Hundreds of demonstrators marched down Hollywood Boulevard on Saturday evening demanding that Mayor Eric Garcetti declare a state of emergency and spend $100 million to alleviate the city's homelessness crisis.
Watched over by about two dozen LAPD officers on foot and bikes, lines of protesters walked past the historic Pantages Theatre with signs accusing the mayor of breaking a pledge to address the crisis swiftly and forcefully.
"Hey, Garcetti, keep your word! Keep our homeless off the curb!" demonstrators chanted as they crossed Hollywood and Vine.
Passersby thanked the marchers; one man raised his fist and yelled, "God bless you!"
Alisa Orduna, the mayor's homelessness policy director, marched with the demonstrators, saying Garcetti needed public demonstrations to push through his homelessness agenda.
Orduna said the mayor had received legal advice that the governor would back a state of emergency only in case of a natural disaster, not a chronic social calamity like L.A.'s burgeoning homeless population.
Garcetti proposed spending $138 million to address homelessness, but the source of half the money is uncertain. Food kitchens and other grass-roots relief efforts could help the mayor implement his homelessness agenda.
"We need community members to let council members know it's OK to open up homeless navigation centers in their neighborhoods, " Orduna said. "So far, what they're hearing from constituents is no."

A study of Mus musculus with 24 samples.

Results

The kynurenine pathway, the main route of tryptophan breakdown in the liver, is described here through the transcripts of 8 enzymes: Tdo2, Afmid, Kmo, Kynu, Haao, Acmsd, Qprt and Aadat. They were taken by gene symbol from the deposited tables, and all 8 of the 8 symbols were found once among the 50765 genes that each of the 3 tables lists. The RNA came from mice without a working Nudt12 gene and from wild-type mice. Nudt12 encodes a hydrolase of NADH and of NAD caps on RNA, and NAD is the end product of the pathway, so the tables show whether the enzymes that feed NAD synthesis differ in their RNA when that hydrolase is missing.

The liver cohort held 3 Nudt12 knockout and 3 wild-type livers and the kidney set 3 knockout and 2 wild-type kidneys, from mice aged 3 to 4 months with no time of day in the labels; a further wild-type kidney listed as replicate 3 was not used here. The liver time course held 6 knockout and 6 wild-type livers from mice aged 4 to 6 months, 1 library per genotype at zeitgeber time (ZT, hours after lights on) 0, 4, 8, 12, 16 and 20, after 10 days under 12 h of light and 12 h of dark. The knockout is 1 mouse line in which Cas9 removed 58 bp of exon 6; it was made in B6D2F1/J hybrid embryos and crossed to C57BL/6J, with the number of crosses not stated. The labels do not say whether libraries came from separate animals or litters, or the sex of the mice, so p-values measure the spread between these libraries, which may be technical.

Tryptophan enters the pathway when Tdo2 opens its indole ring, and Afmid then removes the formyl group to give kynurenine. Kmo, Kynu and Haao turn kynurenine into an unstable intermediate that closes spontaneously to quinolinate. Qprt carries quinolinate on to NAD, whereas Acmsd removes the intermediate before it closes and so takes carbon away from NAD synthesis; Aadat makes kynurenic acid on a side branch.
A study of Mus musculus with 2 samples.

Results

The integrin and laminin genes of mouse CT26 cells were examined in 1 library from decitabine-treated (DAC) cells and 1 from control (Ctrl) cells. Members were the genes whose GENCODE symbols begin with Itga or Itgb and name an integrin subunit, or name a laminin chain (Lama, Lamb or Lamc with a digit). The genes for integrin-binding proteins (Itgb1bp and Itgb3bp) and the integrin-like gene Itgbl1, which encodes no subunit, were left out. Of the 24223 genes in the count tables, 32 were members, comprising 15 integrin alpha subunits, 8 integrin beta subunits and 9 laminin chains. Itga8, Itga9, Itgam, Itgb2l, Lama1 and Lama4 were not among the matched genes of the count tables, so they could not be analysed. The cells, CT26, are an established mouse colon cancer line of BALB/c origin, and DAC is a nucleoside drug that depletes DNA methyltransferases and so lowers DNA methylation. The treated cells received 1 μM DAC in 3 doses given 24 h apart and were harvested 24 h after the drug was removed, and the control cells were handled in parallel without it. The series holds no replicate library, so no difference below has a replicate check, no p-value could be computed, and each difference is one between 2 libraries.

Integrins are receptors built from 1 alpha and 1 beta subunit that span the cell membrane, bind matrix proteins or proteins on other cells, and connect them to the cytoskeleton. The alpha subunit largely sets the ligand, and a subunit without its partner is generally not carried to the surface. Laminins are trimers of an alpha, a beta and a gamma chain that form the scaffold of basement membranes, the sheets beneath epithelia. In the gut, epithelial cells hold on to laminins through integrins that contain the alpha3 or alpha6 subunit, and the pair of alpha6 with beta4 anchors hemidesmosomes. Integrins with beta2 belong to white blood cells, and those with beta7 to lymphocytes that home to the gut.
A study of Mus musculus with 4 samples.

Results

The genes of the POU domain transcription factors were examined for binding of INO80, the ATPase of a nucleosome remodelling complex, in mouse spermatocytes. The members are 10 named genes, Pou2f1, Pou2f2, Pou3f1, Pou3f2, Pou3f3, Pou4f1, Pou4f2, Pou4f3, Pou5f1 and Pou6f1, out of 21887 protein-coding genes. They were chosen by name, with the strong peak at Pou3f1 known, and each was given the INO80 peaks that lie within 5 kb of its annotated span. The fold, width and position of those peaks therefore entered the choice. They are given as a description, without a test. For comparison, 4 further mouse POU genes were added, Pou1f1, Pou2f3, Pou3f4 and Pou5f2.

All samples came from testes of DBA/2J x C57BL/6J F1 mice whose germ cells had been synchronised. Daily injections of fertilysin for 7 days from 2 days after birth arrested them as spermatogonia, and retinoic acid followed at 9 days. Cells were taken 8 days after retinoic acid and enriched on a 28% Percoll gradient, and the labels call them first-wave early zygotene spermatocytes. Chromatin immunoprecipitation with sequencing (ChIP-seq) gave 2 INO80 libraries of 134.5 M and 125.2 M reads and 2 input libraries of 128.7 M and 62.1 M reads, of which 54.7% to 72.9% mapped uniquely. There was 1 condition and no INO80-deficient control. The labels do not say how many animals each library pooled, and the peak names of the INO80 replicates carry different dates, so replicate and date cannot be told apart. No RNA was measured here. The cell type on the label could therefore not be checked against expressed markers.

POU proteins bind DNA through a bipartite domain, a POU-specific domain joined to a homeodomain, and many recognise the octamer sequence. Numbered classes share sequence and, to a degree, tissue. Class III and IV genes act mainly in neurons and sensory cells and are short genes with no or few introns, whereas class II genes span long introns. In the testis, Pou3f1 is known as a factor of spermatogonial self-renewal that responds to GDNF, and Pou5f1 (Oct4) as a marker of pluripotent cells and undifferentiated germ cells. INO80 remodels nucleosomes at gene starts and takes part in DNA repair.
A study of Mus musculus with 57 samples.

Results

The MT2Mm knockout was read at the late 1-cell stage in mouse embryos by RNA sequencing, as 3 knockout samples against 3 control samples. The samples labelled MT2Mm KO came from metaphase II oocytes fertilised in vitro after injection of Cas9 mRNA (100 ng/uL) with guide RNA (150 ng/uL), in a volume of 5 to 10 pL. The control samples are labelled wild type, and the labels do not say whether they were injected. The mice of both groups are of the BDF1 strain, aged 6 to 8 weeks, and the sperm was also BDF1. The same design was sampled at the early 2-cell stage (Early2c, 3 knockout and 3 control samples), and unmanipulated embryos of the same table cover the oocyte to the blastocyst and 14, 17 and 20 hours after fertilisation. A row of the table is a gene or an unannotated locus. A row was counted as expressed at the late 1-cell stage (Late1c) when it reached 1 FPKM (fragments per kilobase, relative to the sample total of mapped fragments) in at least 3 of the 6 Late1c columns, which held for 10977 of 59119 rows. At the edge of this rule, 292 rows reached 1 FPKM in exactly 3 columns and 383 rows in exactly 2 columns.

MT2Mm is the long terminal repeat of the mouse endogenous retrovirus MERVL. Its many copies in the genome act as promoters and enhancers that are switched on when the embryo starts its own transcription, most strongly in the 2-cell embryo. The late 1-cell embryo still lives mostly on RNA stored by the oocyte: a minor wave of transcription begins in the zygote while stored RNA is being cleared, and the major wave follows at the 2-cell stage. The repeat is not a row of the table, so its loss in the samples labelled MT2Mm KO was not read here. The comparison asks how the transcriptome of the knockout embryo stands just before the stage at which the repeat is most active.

Claudia Perez, one of the march organizers, said the mayor could do more.
"He sits at home. He doesn't see how bad it's gotten," said Perez, whose group, LA on Cloud9, distributes tents, food and other supplies to homeless people in South Los Angeles and skid row.
"It is absolutely a crisis, and we need the mayor to pass some bills to build shelters and housing," said Mel Tillekeratne, founder of Monday Night Mission, a five-day-a-week skid row food and relief group.
LAPD Officer Aaron Nunez, of the department's Hollywood division, estimated about 1,500 people participated in Saturday's march.
Los Angeles County has the most homeless people without shelter in the nation, studies have found, and over the years local officials have made tackling the problem a top priority. One tally released earlier this month found that nearly 47,000 people were living on the streets and in shelters countywide, with about two-thirds of those living in the city.
The city of Los Angeles has approved a $1.87-billion plan to step up homeless housing, but it's unclear where the money would come from. Garcetti wants to spend $138 million this year on general homeless services, but the city is still looking for how to cover half those costs.
The county has set aside $150 million and is talking about creating a "millionaires tax" or some other funding source to help pay for more homeless services.
Meanwhile, on Friday, Gov. Jerry Brown threw his support behind an ambitious $2-billion plan to build housing for California's mentally ill homeless population.
The governor's action comes as cities including Los Angeles and San Francisco have seen increases in homelessness as rising rents and a lack of shelter space push poor people into shantytowns on city sidewalks and in riverbeds and canyons.
Under the plan, the state would issue $2 billion in bonds. The money would be repaid over 20 to 30 years with funds provided under Proposition 63, the "millionaires tax" for mental health services that voters approved in 2004.